5 Compelling Books That HCPs Should Read

5 Compelling Books That HCPs Should Read

Never underestimate the true value of a good read. Books can inform and inspire in equal measure. They can provide ideas for future healthcare goals, affirm your passion for the industry, empower you with the knowledge to succeed in the future and more. Beyond all this, a good book can be immensely entertaining and relatable, especially ones related to the healthcare industry. There is a wealth of good reading material available to HCPs. While we cannot list them all, this article highlights a couple books you do not want to miss out on.

Notes on Nursing: What it Is, and What it Is Not by Florence Nightingale

Florence Nightingale is regarded as the mother of modern nursing. Best practices that seem like common sense, such as sterilizing medical equipment before use and maintaining good hygiene, all started with her concepts. Notes on Nursing is not a gospel that is perfectly applicable to the modern word, as nursing has changed a great deal over hundreds of years. It is, however, a look into the mindset and thought process of one of nursing’s most important historical figures. Several of its concepts still hold true today, and form the foundation of nursing as we know it.

Your First Year as a Nurse by Donna Cardillo

Nursing is a demanding profession. Even if you were an excellent student there are certain parts of the job that will catch you off guard if you are not prepared. While there is no replacing the value of real experience, “Your First Year as a Nurse” is an excellent primer on what you can expect from your first year on the job. From practical technical advice, to more soft skills such as communication and teamwork, this guide will help ease the transition from nursing student to first time rookie HCP.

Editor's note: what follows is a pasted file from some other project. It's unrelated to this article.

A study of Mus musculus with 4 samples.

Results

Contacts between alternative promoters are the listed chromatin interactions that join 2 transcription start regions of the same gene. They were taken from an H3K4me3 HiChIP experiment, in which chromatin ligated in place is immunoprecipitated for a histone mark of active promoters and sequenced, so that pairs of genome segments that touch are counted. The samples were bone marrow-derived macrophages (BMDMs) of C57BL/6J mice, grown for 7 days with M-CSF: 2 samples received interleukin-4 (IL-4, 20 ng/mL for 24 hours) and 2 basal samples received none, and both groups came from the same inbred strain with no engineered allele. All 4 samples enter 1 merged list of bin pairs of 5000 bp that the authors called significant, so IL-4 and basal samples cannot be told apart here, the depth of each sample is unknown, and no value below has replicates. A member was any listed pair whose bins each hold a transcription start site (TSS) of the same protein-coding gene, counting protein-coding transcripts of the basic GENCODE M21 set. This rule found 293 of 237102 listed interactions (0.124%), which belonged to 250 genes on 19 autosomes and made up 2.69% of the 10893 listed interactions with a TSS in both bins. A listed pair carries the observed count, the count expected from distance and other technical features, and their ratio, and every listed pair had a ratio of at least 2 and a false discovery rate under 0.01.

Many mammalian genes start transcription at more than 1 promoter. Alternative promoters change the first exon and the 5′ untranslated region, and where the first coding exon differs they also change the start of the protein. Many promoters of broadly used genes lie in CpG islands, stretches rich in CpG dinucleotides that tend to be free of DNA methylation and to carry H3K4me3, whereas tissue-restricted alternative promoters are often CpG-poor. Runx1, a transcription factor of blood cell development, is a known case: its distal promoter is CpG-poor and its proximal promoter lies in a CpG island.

The Shift: One Nurse, Twelve Hours, Four Patients’ Lives by Theresa Brown

Nursing is a stressful line of work. The stakes and expectations placed upon you are quite unlike any other profession on Earth. If reading something that conveys these feelings is something you want to avoid in your spare time, “The Shift: One Nurse, Twelve Hours, Four Patients’ Lives” may not be for you. Those who give it time will find a captivating and immensely relatable read, that covers the true story of a nurse attempting to problem-solve and thrive within a high pressure environment. Relatable, detailed, and sometimes stressful, “The Shift” bottles experiences and feelings that only fellow HCPs can truly relate to.

The Immortal Life of Henrietta Lacks by Rebecca Skloot

The story of Henrietta Lacks and her family is equal parts remarkable and tragic. Born and raised as a slave, Henrietta Lacks’ cancer cells were taken from her, as they were uniquely “immortal.” The research surrounding these cells served as the bedrock for important medical advances, yet her family saw no reparations or compensation for this. In addition, there is some ambiguity as to how these cells were collected in the first place. “The Immortal Life of Henrietta Lacks” tackles issues of race and exploitation that are inextricably part of the history of medicine. To progress forward in a productive manner, HCPs must confront this past and learn from the mistakes of their predecessors.

The Comfort Garden: Tales from the Trauma Unit by Laurie Barkin

It is no secret that the healthcare industry is intense and demanding. This is doubly so for units like trauma care, which are expected to deal with urgent and life-threatening situations with expediency and efficiency. While these services are necessary, all the long stressful situations can add up. “The Comfort Garden” is Laurie Barkin’s account of her 5 years of experience as a trauma nurse. She discusses the toll her job takes on her, when unspeakable tragedies are a normal part of an everyday shift. From there, she discusses the trauma and compassion fatigue that sprung from this, and how she coped with these conditions. Revealing but honest, “The Comfort Garden” is the perfect read for people who have felt the pressure and demands of healthcare work weigh on them.